Back at the 2014 IPCPR Convention and Trade Show, Boutique Blends debuted a new release called La Bohéme. Modeled after the opera of the same name by Giacomo Puccini, the sizes were named after characters in the opera. In 2015 we saw an expansion to the line with the La Bohéme Encantador, which featured a new blend and new sizes. While there was no new La Bohème release at IPCPR 2016, at the beginning of this year we did get the announcement of the latest.
In February the La Bohème Momentos arrived at Thompson Cigar Co., who is the exclusive retailer for this release. It comes in the same three sizes as the Encantador, which use the names of famous opera houses where the opera has been performed.
- La Bohème Momentos Turin (5 1/2 x 46) — $6 (Boxes of 10, $59.95)
- La Bohème Momentos Fenice (6 x 52) — $6.50 (Boxes of 10, $64.95)
- La Bohème Momentos La Scala (7 x 50) — $7 (Boxes of 10, $69.95)
- Cigar Reviewed: La Bohème Momentos Fenice
- Country of Origin: Dominican Republic
- Factory: Tabacalera Palma
- Wrapper: Ecuadorian Connecticut
- Binder: Dominican Habano
- Filler: Dominican Habano
- Length: 6 Inches
- Ring Gauge: 52
- Vitola: Toro
- MSRP: $6.50 (Boxes of 10, $64.95)
- Release Date: February 2017
- Number of Cigars Released: Regular Production
- Number of Cigars Smoked For Review: 3
The wrapper of the La Bohème Momentos Fenice is quite stunning, not only visually but it has a wonderfully soft and slightly oily feel to it as well. When squeezed there is some give, in fact perhaps more than I’d like to see, though I don’t want to risk cracking the fragile wrapper. The aroma coming off the wrapper is quite light, mostly grains up front, though a hint of leather, earth and a touch of sweetness follow closely behind. The cold draw is similar with a sweet creamy taste along with more grains, some vanilla and a touch of spices.
Starting into the first third there is quite a stark difference in the cold draw and the lit profile with spice out front, though there is a whole lot of bitterness behind it drowning out any other subtle flavors. It seems to start calming down after a half an inch, though it is still quite present and only allowing the singular spice note to arrive on my palate. Through the bitterness a bit of almond shows up to join the spice, which is a thankful addition. The ash on the three samples ranges from dense to flaky, though they do seem to trend more towards holding together to around the inch mark. As far as the burn goes, it too varies from sample to sample, with one almost perfect and the other two needing quite a bit of help early on.
Moving into the second third the almonds have turned into more of a general nutty flavor, complementing the spice up front but completely overwhelmed by the harsh, bitterness that has persisted throughout the La Bohème Momentos. The ash on the three samples continues as they did before, ranging from dense to flakey and all holding on to an acceptable length. The burn on one sample is spot on, while two other samples have started to go out almost every inch along the way, requiring relights which hasn’t helped the harsh profile at all. Even the sample that has stayed lit is still harsh enough that the two notes of spice and nuttiness are all that I’m picking up.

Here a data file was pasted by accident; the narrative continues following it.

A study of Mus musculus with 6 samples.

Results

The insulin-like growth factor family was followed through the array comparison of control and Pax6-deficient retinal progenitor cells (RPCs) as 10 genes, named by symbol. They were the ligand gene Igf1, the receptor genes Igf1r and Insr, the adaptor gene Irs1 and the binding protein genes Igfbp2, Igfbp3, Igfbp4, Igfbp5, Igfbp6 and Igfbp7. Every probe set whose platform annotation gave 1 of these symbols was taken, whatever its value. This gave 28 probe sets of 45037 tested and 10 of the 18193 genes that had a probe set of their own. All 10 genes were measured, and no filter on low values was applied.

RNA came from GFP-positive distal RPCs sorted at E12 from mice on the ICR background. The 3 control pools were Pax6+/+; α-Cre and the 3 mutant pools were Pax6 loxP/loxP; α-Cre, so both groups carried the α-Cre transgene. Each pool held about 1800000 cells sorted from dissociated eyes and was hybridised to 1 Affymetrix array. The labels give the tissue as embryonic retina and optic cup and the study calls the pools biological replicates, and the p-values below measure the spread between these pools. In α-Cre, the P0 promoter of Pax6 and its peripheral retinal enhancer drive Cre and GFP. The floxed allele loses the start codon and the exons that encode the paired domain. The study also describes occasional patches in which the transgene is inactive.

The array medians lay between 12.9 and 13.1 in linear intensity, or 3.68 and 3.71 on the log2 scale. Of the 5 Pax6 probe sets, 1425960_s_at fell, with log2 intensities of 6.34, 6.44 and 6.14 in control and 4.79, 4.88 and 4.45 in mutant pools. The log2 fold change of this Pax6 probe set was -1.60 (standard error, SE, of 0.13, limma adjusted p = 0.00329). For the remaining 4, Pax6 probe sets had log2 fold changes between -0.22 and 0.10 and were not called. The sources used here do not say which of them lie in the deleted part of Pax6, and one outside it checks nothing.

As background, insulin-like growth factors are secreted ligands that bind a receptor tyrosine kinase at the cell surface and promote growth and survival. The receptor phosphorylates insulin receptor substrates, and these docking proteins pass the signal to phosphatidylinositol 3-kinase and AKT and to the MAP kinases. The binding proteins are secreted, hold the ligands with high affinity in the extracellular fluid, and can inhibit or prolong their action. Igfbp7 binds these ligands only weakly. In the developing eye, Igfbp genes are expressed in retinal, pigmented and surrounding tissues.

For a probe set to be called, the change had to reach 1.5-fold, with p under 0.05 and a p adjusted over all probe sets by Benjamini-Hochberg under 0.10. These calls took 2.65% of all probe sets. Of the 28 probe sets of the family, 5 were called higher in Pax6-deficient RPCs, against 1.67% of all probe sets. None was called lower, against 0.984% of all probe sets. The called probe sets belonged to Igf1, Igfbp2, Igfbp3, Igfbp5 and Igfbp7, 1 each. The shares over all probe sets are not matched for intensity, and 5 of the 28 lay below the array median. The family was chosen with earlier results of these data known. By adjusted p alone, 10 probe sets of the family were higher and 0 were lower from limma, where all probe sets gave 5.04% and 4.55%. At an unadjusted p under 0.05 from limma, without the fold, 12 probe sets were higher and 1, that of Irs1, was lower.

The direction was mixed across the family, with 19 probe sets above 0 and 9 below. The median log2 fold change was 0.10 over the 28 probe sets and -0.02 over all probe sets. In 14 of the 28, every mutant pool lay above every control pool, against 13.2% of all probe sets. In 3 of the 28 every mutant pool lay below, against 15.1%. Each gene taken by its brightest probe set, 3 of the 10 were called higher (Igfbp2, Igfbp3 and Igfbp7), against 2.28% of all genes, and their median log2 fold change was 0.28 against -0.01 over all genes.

The final third for two samples is basically nonexistent, as to this point I had to relight it so often that the last third was unsmokable. Focusing on the one sample that stayed lit, the spice and nuttiness is just about all that’s there as far as enjoyable flavors go, while the harsh, sour and bitter notes are so in my face that I struggle to get to the end of the cigar.
- Despite Thompson’s site listing the Fenice as a torpedo, it showed up looking pretty parejo-like.
- I know that sometimes some bitterness can be built into a blend, which can work if it’s countered by some sweetness or it’s mild enough. This wasn’t that type of bitterness.
- Ironically one of the samples that had the worst burn problems that mostly stayed lit had the least harshness, though the flavors were still quite minimal.
- Starting into the second third of the two samples that had the most trouble staying lit, I noticed that once warmed up, the cigar could be almost completely compressed between my fingers.
- When these cigars arrived at the office, it was noted that the box smelled strongly of paint and/or glue that they were immediately removed from the box and put in a separate bag with a Boveda. In addition, the caps of three out of the 10 cigars had significant splits in them.
- Editor’s Note: We probably see boxes with paint smells once per month. Most of the time removing the cigars from the boxes seems to remove any of this sort of problem. A recent example of this phenomena is the Quesada Dojo de Luxe, which had a similar smell upon arrival, though one that didn’t seem to affect the flavor profile. — Charlie Minato.
- Cigars for this review were sent to halfwheel by Thompson Cigar Co.
- Final smoking time for the one sample I was able to finish was just under two hours.
- You can purchase the La Bohème Momentos Fenice from Thompson Cigar Co.
These are the reviews I hate writing. I would much prefer every cigar I review to do well, have wonderful flavors and be some of the greatest releases that year; not necessarily because I want what I’m smoking to be enjoyable, but mostly because I know that a lot of people put hard work, time and passion into that cigar. Unfortunately this cigar was a mess with it either barely being able to stay lit or even when doing so, producing a profile that had very little redeeming flavor. While the price point is nice, the La Bohème Momentos Fenice is simply something I cannot recommend trying for yourself.